When the protesters entered the room, it was awkward. I was dressed in my Sunday’s best, hoping to fit in with the Washington D.C. crowd. My pants were khaki, but still made of denim, so I’m pretty sure I failed that litmus test. Luckily, the protesters were in shorts, T-shirts and smelling like it was 100 degrees outside, so my fashion standing immediately improved. I was about to meet with Alabama Senator Luther Strange to discuss upcoming legislation that would be a boost for recreational fishermen. Little did I know these visitors would offer the most valuable lesson during my trip to Capitol Hill.
“Mic check!” one protester would scream to take center stage, and then start reciting a loud version of slam poetry with a healthcare theme. The mob would repeat what was said at an even louder level. The office was not big. I’m not saying the group was uncomfortably close to me, but I could tell who brushed their teeth that morning. After four members of the group had performed, I saw bright lights and a television camera pass by the doorway. This was not lost on the leader of the protest, as she immediately took the show into the hall and started the chants all over again.
Now, let me back up and explain why I was actually in D.C. The Modernizing Recreational Fisheries Management Act of 2017 (Modern Fish Act) had been introduced by a group of congressmen, and I was asked to lobby support for the bill on behalf of Alabama anglers. The Congressional Sportsmen’s Foundation came up with the idea of bringing recreational fishermen and members of the fishing industry to Capitol Hill, relating real-world anecdotes to congressmen and senators on how the Modern Fish Act would help fix a very broken federal fisheries management system. In a nutshell, the new legislation would remove the commercial regulations that govern recreational anglers. As it currently stands, the federal government uses old data and funky poundage limits to decide how many fish are in the ocean, how many days a particular season can be open, and how many fish can be harvested. The Modern Fish Act would allow for the implementation of management strategies that work at the state level with current data … and recognize the importance of recreational fishing, two line items that have been sorely ignored.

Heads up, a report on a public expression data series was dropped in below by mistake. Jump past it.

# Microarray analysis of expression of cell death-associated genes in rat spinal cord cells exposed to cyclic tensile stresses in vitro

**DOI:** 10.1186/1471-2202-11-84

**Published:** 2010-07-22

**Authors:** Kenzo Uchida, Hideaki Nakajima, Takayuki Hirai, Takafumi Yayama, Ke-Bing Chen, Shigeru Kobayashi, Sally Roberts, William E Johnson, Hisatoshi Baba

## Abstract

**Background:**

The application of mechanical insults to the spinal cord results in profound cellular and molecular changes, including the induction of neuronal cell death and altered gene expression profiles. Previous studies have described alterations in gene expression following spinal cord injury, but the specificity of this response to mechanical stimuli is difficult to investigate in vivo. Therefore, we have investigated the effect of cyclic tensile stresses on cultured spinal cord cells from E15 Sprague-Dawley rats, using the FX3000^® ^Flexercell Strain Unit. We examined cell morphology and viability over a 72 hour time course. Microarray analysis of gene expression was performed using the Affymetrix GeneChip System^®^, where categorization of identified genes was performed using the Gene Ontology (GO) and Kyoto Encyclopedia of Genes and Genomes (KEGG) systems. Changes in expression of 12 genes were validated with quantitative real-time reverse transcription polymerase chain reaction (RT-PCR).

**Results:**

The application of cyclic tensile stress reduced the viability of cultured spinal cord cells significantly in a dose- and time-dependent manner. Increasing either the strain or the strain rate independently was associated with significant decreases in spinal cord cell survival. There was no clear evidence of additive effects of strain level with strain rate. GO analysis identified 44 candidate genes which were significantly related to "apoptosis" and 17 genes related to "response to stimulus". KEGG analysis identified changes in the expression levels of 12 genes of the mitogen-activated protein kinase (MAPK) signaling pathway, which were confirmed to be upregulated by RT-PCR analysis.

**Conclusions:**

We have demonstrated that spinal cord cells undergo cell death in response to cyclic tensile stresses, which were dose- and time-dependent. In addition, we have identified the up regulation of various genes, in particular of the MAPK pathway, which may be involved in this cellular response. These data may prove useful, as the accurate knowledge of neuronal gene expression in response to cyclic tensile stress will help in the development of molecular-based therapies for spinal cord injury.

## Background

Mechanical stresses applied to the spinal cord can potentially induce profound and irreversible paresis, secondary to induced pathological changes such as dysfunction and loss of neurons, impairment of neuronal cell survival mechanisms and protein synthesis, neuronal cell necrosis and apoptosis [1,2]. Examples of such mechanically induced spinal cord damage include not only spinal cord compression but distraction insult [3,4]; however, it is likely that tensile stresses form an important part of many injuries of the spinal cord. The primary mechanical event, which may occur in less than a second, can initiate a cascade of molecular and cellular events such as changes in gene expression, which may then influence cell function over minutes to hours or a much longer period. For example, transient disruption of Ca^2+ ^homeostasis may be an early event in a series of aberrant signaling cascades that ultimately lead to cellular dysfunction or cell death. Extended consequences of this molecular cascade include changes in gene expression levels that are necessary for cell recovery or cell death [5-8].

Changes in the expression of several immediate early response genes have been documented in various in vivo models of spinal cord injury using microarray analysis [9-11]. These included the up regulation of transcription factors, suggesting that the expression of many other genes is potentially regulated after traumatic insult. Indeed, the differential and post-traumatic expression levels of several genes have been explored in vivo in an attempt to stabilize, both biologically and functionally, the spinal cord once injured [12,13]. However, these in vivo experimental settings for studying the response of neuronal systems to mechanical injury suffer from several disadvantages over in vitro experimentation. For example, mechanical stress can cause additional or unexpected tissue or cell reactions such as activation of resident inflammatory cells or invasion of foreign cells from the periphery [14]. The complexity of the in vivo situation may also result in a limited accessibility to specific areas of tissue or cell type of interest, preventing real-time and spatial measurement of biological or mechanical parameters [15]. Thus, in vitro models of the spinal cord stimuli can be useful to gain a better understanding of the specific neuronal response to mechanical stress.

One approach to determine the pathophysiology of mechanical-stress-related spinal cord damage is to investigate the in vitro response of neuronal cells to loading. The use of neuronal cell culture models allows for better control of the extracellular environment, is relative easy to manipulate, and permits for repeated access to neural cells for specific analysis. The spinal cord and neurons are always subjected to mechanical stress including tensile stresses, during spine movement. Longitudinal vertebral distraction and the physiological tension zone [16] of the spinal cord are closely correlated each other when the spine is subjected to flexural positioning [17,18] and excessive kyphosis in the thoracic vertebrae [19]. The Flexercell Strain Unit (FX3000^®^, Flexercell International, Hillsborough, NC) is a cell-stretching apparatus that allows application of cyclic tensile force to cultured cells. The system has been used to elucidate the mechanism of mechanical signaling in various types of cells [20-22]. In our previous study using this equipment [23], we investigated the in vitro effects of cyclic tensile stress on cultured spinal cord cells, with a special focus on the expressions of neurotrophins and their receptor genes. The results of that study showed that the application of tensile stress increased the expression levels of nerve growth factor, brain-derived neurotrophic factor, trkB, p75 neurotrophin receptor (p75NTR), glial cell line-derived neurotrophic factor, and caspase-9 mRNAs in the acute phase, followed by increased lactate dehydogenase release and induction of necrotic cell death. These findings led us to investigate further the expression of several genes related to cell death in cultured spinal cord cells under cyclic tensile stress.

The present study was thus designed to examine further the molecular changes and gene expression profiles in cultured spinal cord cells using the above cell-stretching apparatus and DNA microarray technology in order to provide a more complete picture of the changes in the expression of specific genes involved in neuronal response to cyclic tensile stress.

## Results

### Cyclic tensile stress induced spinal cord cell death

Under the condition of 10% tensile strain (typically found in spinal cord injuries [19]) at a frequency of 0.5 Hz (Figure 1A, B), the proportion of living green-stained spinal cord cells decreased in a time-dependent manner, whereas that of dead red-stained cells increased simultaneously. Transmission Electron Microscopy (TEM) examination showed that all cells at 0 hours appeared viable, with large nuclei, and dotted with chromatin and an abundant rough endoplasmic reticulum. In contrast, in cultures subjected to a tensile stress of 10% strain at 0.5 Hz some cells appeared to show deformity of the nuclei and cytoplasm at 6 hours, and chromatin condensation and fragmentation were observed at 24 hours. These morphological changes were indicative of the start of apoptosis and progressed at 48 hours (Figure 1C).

Granted, the proposed legislation primarily deals with saltwater issues. But, federal mismanagement of saltwater fisheries can easily spill into the mismanagement of freshwater fisheries, which is why B.A.S.S. teamed up with Yamaha Motor Company in 2015 to create Bass Anglers for Saltwater Conservation (bassforsalt.com), an advocacy group that supports recreational anglers who want to be involved in fisheries policy. I highly recommend visiting this site. Letters are already written to support good sportfishing policy. Simply fill out a short form and a letter requesting support is sent to the lawmakers in D.C.
I had already met with Alabama congressmen Bradley Byrne and Gary Palmer, as well as Senator Richard Shelby. Senator Strange was my last meeting of the day. I must admit, I was a little disheartened by the response from my state’s delegation to our plea of support for the Modern Fish Act. After all, Alabama’s cultural fabric includes the threads of millions of anglers, most of which vote. It’s not that they said “no,” but they didn’t say “yes,” either.
As I walked out of Senator Strange’s office, the protestors were in full strut, three TV cameras now focused on their chorus of healthcare complaints. Later that evening, as I turned on the news in my hotel room, I saw a replay of the scene in the hallway outside the senator’s office, followed by a response from several lawmakers, each of which touting the priority of healthcare reform.
Look, I know healthcare is a much bigger deal than fishery management. Still, the lesson of the protest was valid. Volume and passion garners attention. If anglers are willing to stand up and shout for our rights as sportsmen, our chances of getting laws passed that support the future of fishing increases tenfold. I’m not saying I’d love reciting poetry, but at least we could get our point across while wearing shorts and a comfortable T-shirt. Let’s be loud.